Fountian is an ancient Norman name that arrived in England
after the Norman Conquest
of 1066. The Fountian family lived near a spring or well
which was in turn derived from the Old French word fontane,
which means spring or well.
Fountian is a topographic
surname, which is a type of surname that was given to a person who resided near a landmark such as a hill, stream, church, or type of tree.
John Pherd (died 1225), Bishop of Ely, properly called John of Fountains, was a Cistercian monk of Fountains, and was chosen ninth abbot of his house in December 1211. CITATION[CLOSE]
Smith, George (ed), Dictionary of National Biography. London: Smith, Elder & Co., 1885-1900. Print
Early Origins of the Fountian family
The surname Fountian was first found in Norfolk
at Harford, a parish, in the union of Swaffham, hundred
of South Greenhoe. " Narford Hall was built by Sir Andrew Fountaine, vice-chamberlain to Queen Caroline (consort of George II.), and the companion of Pope, Swift, and their literary society; he enriched the mansion with a collection of antiquities, paintings, and curiosities, which has been considerably increased by the present proprietor. In the reign of Edward III. Sir Thomas de Narford obtained for it a market and two fairs, long since fallen into disuse." CITATION[CLOSE]
Lewis, Samuel, A Topographical Dictionary of England. Institute of Historical Research, 1848, Print.
Early History of the Fountian family
This web page shows only a small excerpt of our Fountian research.Another 77 words (6 lines of text) covering the years 1430, 1676, 1753, 1600, 1671, 1659 and 1660 are included under the topic Early Fountian History in all our PDF Extended History products and printed products wherever possible.
Fountian Spelling Variations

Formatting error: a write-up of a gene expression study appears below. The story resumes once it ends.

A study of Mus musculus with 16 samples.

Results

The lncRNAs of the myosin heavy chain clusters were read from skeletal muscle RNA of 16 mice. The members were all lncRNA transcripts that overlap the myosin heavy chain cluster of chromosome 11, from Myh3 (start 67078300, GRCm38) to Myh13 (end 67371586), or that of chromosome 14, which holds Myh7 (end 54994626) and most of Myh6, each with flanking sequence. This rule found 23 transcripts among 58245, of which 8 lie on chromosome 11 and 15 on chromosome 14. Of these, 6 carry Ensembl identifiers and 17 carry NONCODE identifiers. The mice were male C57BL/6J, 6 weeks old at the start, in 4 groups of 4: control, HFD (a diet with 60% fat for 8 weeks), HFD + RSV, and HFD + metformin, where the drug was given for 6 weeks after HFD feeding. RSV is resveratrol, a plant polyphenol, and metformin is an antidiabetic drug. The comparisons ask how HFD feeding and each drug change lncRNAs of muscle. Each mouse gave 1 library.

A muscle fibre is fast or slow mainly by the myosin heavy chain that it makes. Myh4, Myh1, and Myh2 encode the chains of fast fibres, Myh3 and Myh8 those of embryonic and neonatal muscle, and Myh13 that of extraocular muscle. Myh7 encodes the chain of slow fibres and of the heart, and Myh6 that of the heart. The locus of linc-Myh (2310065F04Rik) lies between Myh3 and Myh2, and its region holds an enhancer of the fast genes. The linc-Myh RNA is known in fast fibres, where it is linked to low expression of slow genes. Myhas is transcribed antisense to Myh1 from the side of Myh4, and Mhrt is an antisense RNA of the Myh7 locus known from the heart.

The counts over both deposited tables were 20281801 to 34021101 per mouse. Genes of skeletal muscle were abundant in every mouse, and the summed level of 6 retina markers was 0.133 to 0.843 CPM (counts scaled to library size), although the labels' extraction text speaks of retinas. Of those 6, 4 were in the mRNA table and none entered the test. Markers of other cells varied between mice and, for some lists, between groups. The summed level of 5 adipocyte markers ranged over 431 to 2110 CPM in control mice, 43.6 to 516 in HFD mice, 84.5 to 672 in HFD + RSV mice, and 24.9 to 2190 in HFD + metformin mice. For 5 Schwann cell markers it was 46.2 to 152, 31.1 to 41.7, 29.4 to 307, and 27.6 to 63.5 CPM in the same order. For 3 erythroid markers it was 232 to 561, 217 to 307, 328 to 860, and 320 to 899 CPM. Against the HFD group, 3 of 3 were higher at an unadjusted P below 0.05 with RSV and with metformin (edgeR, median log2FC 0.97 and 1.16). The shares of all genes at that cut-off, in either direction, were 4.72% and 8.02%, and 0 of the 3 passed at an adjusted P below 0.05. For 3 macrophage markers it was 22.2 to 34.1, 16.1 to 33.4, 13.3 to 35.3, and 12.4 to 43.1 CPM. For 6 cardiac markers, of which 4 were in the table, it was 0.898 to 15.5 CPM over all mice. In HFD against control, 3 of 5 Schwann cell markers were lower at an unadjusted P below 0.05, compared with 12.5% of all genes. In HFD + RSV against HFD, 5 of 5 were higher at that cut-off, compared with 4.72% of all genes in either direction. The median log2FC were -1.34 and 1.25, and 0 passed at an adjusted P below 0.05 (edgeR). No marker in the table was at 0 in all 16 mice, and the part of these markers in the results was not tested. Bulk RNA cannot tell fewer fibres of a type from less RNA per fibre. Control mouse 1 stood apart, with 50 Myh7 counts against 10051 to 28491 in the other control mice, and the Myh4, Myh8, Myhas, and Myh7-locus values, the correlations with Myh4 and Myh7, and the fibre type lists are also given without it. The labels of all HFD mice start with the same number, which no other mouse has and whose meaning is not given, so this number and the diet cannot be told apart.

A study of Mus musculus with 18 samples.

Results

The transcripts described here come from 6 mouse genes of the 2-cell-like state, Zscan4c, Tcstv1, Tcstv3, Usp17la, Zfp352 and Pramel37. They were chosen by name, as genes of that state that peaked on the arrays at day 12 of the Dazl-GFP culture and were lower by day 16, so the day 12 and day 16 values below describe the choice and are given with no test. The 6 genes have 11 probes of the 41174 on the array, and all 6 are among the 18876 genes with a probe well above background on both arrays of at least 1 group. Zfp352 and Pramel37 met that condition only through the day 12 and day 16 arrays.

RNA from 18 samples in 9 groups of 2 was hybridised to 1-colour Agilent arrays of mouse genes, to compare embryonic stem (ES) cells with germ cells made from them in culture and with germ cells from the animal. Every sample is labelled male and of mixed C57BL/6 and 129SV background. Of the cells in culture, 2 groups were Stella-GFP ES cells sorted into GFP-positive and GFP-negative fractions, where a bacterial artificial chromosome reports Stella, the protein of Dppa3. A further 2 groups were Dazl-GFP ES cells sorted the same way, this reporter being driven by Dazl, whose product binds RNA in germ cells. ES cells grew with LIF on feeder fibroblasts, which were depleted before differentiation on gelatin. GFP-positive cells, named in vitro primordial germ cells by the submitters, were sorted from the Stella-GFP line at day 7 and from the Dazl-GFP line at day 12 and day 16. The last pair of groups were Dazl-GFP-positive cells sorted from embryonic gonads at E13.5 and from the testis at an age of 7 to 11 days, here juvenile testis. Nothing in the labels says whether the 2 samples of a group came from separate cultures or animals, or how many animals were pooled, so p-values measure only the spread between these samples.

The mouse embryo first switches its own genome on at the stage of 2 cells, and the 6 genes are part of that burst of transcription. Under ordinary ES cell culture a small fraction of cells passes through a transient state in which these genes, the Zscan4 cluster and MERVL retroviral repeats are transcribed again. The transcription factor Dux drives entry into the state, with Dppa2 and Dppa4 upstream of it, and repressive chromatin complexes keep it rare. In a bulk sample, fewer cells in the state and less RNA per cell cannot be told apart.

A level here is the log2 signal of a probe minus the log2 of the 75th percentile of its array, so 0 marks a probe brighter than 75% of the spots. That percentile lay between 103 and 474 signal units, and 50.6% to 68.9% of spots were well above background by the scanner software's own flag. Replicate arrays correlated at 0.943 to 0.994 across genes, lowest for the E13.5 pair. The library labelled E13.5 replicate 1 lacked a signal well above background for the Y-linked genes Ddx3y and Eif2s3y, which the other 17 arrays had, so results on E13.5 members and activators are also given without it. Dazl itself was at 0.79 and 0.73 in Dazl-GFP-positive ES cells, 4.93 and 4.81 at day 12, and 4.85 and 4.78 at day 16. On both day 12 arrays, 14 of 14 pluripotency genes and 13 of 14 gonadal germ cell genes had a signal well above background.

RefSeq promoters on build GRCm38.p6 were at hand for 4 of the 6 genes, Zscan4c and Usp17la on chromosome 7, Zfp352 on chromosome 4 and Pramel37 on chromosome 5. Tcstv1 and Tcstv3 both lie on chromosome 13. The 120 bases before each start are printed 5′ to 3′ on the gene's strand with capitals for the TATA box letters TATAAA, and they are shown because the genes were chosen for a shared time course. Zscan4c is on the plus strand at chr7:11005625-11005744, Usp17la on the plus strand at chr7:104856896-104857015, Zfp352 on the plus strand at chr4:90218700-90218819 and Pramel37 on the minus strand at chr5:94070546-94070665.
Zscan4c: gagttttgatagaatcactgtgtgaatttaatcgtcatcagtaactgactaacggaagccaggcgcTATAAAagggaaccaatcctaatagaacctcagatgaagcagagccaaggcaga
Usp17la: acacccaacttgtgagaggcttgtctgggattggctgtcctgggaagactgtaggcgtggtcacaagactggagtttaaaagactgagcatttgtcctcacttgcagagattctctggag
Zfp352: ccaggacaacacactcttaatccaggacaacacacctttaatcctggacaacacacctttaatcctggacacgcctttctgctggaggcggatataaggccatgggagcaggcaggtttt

Norman surnames are characterized by a multitude of spelling variations
. The frequent changes in surnames are largely due to the fact that the Old and Middle English languages lacked definite spelling rules. The introduction of Norman French to England
, as well as the official court languages of Latin and French, also had pronounced influences on the spelling of surnames. Since medieval scribes and church officials recorded names as they sounded, rather than adhering to any specific spelling rules, it was common to find the same individual referred to with different spellings. The name has been spelled Fountaine, Fountain, Fountayne, Fontain, Fontibus, Ffountain, Ffounteyn and many more.
Early Notables of the Fountian family (pre 1700)
Another 34 words (2 lines of text) are included under the topic Early Fountian Notables in all our PDF Extended History products and printed products wherever possible.
Migration of the Fountian family to the New World and Oceana
Many English families emigrated to North American colonies in order to escape the political chaos in Britain at this time. Unfortunately, many English families made the trip to the New World under extremely harsh conditions. Overcrowding on the ships caused the majority of the immigrants to arrive diseased, famished, and destitute from the long journey across the stormy Atlantic. Despite these hardships, many of the families prospered and went on to make invaluable contributions to the development of the cultures of the United States and Canada. Early North American immigration records have revealed a number of people bearing the name Fountian or a variant listed above: Nicholas Fountain who settled in Maryland in 1661; Lewis
Fountain settled in Maryland in 1775; Edward Fountaine settled in Boston Massachusetts in 1635.
The Fountian Motto
The motto was originally a war cry or slogan. Mottoes first began to be shown with arms in the 14th and 15th centuries, but were not in general use until the 17th century. Thus the oldest coats of arms generally do not include a motto. Mottoes seldom form part of the grant of arms: Under most heraldic authorities, a motto is an optional component of the coat of arms, and can be added to or changed at will; many families have chosen not to display a motto.
Motto: Vix ea nostra voco
Motto Translation: I scarce call these things our own.